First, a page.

Opinion: The naked Triton Babies have got to go

The Triton Babies Fountain statue located on the east side of the Boston Public Garden Photo: Ryan Ribeiro/Bay State Herald.

In a day in age where sexual assault has become disturbingly prevalent in society, maybe a statue of two naked children, as one rides the other while pulling their hair, is not such a good idea.

The Triton Babies Fountain statue has been apart of the Boston Public Garden since 1927. It was the Garden’s first statue crafted by a woman, Anna Coleman Ladd. The statue is supposed to represent Ladd’s two daughters.

The statue, in the eyes of many, is pornographic and looks wrong. Wander into the northeast section of the park and catch the reactions of innocent patrons. You’ll find parents covering their children’s eyes, people stuck frozen with their jaws dropped and the occasional “I’m uncomfortable” someone passing by will say as they stare at the “unique” figure.

What’s the message here? What is the purpose of one young naked child sitting on top of another naked child seemingly riding the other like a horse? In a season with warmer weather when the statue is surrounded by water, sure maybe it can get away from time to time without being noticed. When it’s winter and the concrete bowl the statue is in is empty, however, and people get the chance to check it out up close, the responses are not pretty.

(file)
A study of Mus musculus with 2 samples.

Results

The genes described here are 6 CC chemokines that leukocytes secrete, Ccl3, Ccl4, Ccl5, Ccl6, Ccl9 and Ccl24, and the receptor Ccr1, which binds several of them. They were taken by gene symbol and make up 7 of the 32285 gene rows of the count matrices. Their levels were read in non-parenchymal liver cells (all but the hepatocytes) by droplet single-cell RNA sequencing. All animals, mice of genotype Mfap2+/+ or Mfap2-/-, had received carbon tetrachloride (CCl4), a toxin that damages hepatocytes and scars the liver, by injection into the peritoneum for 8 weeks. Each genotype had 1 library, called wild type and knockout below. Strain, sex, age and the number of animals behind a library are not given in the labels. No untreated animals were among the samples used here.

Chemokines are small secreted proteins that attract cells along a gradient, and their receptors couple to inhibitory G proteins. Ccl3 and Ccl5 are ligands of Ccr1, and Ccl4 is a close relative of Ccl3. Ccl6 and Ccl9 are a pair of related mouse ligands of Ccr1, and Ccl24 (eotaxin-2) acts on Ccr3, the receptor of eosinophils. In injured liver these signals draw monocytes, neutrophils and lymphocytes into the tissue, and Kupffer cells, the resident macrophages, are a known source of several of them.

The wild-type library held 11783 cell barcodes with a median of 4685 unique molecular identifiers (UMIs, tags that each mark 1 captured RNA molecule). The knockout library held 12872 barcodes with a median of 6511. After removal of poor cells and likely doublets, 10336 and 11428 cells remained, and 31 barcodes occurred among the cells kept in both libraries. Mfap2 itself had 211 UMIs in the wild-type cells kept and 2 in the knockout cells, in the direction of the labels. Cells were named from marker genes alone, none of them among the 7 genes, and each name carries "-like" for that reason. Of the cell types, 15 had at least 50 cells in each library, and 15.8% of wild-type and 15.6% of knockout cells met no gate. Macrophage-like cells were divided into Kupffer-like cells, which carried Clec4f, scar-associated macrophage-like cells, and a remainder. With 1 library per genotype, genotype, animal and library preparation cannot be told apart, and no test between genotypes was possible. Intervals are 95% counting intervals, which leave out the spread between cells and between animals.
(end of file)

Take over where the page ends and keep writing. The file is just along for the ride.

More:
Defenders of the statue point to its history and Anna Coleman Ladd. Sometimes, they even go as far to say that the statue’s meaning is misconstrued by those who take just a quick glance. Go ahead, take a long glance. In fact, inspect the whole thing. There is nothing more to it than what is presented. I bet most parents would not let their children physically interact with each other unclothed, so the “meaning argument” is nonsensical.

To ease minds, you don’t necessarily have to take an axe to Ladd’s work; a simple plaque with context would do the trick. As it stands, no such plaque exists and that leaves it up to the viewer’s imagination, which leads to the underlying problem.

When a television network is about to broadcast something graphic, it provides the viewer with a warning like: “Viewer Discretion is Advised”. Even something simple like a painting in a museum often times has a mini-description. If this statue has any saving grace, it would be to provide the significant context that is currently missing.

At the end of the day, no matter how long and hard one stares at the Triton Babies Fountain statue it looks sexually explicit and not appropriate for a public garden in 1927, let alone 2017.